Officials hopeful ‘fire funding fix’ helps tame brutal wildfire seasons

A prescribed burn in Florida in 2009. Officials hope that a new funding formula will help firefighters get a handle on wildfires, which have increased in number and intensity. (Photo courtesy U.S. Fish and Wildlife Service)

WASHINGTON – In her decades fighting wildfires, Forest Service Chief Vicki Christiansen says the fires have gotten bigger, the deployments have gotten longer and the situation has just gotten worse overall.

But there may be help on the horizon.


Christiansen calls the fix “a major stabilizing factor” that will let her agency better plan while responding to the more catastrophic fires, the ones she calls “hurricane fires.”

“It’s these few extreme fires that create all kinds of havoc in our system,” Christiansen said. “Thanks to the confidence that Congress had in the Fire Service, we’re going to invest back into creating more resiliency and improving forest conditions.”

Under the fix, the annual firefighting budget would remain at a little more than $1 billion per year, but in fiscal 2020 – which begins Oct. 1 – there will be $2.25 billion to fund operations once the regular fund is spent. The emergency fund would grow by $100 million a year until it reaches $2.95 billion in fiscal 2027.

Besides meeting the immediate need of fighting fires, the fix is aimed at ending the practice of “fire borrowing,” when agencies would pull funding from other projects – many of which were aimed at helping prevent wildfires in the first place – once the fire suppression budget was spent.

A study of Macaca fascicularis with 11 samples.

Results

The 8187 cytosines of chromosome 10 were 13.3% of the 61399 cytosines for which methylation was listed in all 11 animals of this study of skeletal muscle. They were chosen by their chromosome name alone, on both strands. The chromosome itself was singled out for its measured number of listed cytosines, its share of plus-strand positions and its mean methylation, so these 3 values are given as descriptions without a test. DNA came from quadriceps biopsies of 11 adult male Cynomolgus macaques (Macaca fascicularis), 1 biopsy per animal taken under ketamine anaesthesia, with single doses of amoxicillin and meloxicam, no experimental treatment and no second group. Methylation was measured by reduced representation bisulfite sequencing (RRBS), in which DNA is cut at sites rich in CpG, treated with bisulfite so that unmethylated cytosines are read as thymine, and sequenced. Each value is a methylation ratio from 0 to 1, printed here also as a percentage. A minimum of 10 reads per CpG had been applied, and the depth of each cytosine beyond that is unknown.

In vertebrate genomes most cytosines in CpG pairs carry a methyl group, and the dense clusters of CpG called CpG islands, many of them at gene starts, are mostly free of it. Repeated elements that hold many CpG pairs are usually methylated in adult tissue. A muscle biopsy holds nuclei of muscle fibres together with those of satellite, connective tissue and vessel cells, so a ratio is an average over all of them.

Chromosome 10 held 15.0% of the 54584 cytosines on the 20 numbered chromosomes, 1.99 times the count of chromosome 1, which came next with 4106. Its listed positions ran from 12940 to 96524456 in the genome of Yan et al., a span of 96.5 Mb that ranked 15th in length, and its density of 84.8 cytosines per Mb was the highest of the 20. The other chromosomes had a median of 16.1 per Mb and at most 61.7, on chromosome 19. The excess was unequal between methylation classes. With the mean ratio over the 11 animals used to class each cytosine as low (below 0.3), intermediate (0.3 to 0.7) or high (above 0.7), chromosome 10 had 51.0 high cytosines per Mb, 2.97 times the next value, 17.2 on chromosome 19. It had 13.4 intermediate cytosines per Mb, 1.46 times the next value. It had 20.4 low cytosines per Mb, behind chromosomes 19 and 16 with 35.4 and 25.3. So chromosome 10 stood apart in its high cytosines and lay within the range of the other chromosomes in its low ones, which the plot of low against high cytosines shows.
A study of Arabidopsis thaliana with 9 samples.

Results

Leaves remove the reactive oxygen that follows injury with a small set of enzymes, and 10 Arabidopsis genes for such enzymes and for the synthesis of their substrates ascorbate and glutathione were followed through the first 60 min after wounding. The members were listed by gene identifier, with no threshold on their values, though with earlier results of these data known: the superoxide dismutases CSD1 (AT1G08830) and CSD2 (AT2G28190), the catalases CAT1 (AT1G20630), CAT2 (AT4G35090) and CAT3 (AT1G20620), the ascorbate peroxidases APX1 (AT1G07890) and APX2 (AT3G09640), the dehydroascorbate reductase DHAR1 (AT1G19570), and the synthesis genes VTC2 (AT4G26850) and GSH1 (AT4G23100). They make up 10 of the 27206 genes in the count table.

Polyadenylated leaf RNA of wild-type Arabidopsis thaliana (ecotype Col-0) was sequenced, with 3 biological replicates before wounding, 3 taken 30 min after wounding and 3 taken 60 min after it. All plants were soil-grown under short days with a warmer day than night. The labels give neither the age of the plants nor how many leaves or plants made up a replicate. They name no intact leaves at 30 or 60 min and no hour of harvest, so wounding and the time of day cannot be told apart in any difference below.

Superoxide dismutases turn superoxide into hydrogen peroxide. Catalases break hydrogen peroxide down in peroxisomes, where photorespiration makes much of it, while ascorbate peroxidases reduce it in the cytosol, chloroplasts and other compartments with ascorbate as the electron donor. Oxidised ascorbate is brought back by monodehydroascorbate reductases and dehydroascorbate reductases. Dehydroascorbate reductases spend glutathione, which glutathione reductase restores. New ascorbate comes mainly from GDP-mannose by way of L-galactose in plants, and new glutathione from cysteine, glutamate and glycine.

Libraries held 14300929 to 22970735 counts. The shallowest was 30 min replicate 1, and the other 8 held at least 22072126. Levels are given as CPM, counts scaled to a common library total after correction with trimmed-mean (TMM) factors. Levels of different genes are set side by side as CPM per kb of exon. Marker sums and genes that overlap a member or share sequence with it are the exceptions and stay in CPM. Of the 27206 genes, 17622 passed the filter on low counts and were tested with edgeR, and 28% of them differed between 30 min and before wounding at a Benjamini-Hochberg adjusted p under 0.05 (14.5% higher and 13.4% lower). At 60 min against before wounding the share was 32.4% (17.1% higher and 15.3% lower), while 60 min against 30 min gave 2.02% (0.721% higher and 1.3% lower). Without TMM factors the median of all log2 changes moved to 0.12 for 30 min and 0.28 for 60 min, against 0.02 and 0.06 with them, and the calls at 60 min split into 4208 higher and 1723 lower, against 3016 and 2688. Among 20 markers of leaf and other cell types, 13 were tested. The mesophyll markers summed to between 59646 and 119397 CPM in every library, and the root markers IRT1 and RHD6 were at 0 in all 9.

Jim Allen, executive director of the Northern Arizona University School of Forestry, agreed that the fix is “a huge step in the right direction” for a department that has had to pull money from other projects to fund harsh fire years.

Allen said that since he came to NAU in 2006, he has seen funding pulled from multiple research projects to compensate for fires. He said the fix will have a ripple effect throughout the Forest Service.

– Cronkite News video by Lillian Donahue

“First of all, it will stabilize how we deal with wildland firefighting expenses, but it will also be a really big boom to the other parts of the Forest Service,” he said. “To me, it’s a really important step forward.”

It comes after a two-year stretch in which more than 120,000 fires burned more than 18 million acres, according to the latest data from the National Interagency Fire Center.

“The last two years have been very significant, record-setting years,” Christiansen said in an interview last year before the tragic Camp Fire in California. “We keep saying it’s our new normal, with the … number of wildfires, the amount of acreage burned and the severity of the wildfires.”

The headline-grabbing Camp Fire in November burned 153,336 acres, killed 85 and destroyed more than 14,000 structures. But the 8.6 million acres burned in 2018 still was only fifth most in the past 10 years.

“From a national perspective, we no longer say it’s a fire season, it’s really a fire year,” Christiansen said.

Although the fix was welcomed by both sides of the aisle, some environmental groups worried that changes to logging policies included in the fix might open the door to abuse.

Rep. Raul Grijalva, D-Tucson, said that while the fix is good, there are other solutions that should be considered as well. Grijalva, who became chairman of the House Natural Resources Committee with the Democrat-controlled Congress that was sworn in Thursday, said he hopes to work with Christiansen this year to bring those solutions to light.

“I think there’s a whole preventive treatment that we need to do where the urban interface and the wildlands meet,” Grijalva said last month. “What can we do there? I think that preventive side of it for the long haul isn’t funded, and I think that’s one area we’re looking at.”